Minerva Research Group:
Synthesis, structure, and spectroscopy of tunable materials (S3TM)
Emerging quantum technologies such as quantum computing, quantum information processing, and quantum networking promise to revolutionize society in transformative and likely unimaginable ways, just as semiconductor technology revolutionized modern electronics and computing to bring our world together as never before. The foundation of these devices are functional properties such as multiferroicity, magnetoresistance, and high-temperature superconductivity which cannot be realized in most conventional materials. These exotic phenomena are the consequence of strong interactions between charge, spin, and the atomic lattice, which — when properly understood — can be manipulated by careful tuning of elemental composition or precise engineering of sample geometry.
Our group seeks new methods to harness the subtle interplay between structure and electronic states in order to stabilize or enhance these functional properties. Uniting principles from chemistry, physics, and materials science, we leverage a combination of synthesis, physical property measurement, and advanced characterization techniques to explore and engineer new compounds and methods of realizing them. We also leverage post-synthetic methods such as high-energy radiation and applied strain to explore the tunability of our materials.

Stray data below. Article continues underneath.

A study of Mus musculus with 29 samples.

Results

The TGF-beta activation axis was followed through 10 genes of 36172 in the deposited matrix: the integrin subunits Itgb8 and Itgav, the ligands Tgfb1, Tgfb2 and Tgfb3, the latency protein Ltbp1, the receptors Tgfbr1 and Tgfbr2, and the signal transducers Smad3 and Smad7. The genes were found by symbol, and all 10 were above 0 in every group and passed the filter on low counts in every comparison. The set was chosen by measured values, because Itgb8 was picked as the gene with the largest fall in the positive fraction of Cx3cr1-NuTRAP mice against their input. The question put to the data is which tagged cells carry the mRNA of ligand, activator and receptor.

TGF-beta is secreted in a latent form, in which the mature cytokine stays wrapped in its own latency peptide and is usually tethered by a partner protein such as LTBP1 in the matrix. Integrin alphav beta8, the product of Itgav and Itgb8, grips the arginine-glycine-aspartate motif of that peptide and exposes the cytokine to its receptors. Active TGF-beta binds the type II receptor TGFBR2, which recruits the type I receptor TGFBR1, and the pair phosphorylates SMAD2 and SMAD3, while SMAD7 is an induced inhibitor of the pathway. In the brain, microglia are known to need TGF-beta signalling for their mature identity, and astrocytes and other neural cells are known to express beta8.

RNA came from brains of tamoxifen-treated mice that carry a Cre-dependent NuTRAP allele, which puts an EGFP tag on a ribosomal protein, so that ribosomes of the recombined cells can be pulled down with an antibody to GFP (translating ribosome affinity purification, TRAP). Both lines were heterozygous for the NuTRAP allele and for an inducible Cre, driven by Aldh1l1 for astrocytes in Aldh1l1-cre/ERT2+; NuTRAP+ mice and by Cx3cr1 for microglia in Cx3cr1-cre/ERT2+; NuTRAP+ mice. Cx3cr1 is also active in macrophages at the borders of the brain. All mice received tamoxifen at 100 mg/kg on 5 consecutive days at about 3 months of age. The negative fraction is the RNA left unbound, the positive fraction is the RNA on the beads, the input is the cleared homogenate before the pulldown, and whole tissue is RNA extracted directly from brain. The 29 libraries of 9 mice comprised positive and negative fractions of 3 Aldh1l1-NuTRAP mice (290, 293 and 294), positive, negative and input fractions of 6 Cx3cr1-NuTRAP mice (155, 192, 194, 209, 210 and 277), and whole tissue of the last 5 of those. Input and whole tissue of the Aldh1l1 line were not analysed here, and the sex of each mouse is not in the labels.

Our research is driven by close collaborations with other groups in the Physics of Quantum Materials Department, as well as other departments here at CPfS, across the Max Planck Society, and at leading universities worldwide include Stanford University, Cornell University, and the University of California Berkeley.
We welcome new members and collaborators who share our passion for exploration and discovery at the atomic scale — if you are interested in working together or finding out more, please don’t hesitate to get in touch!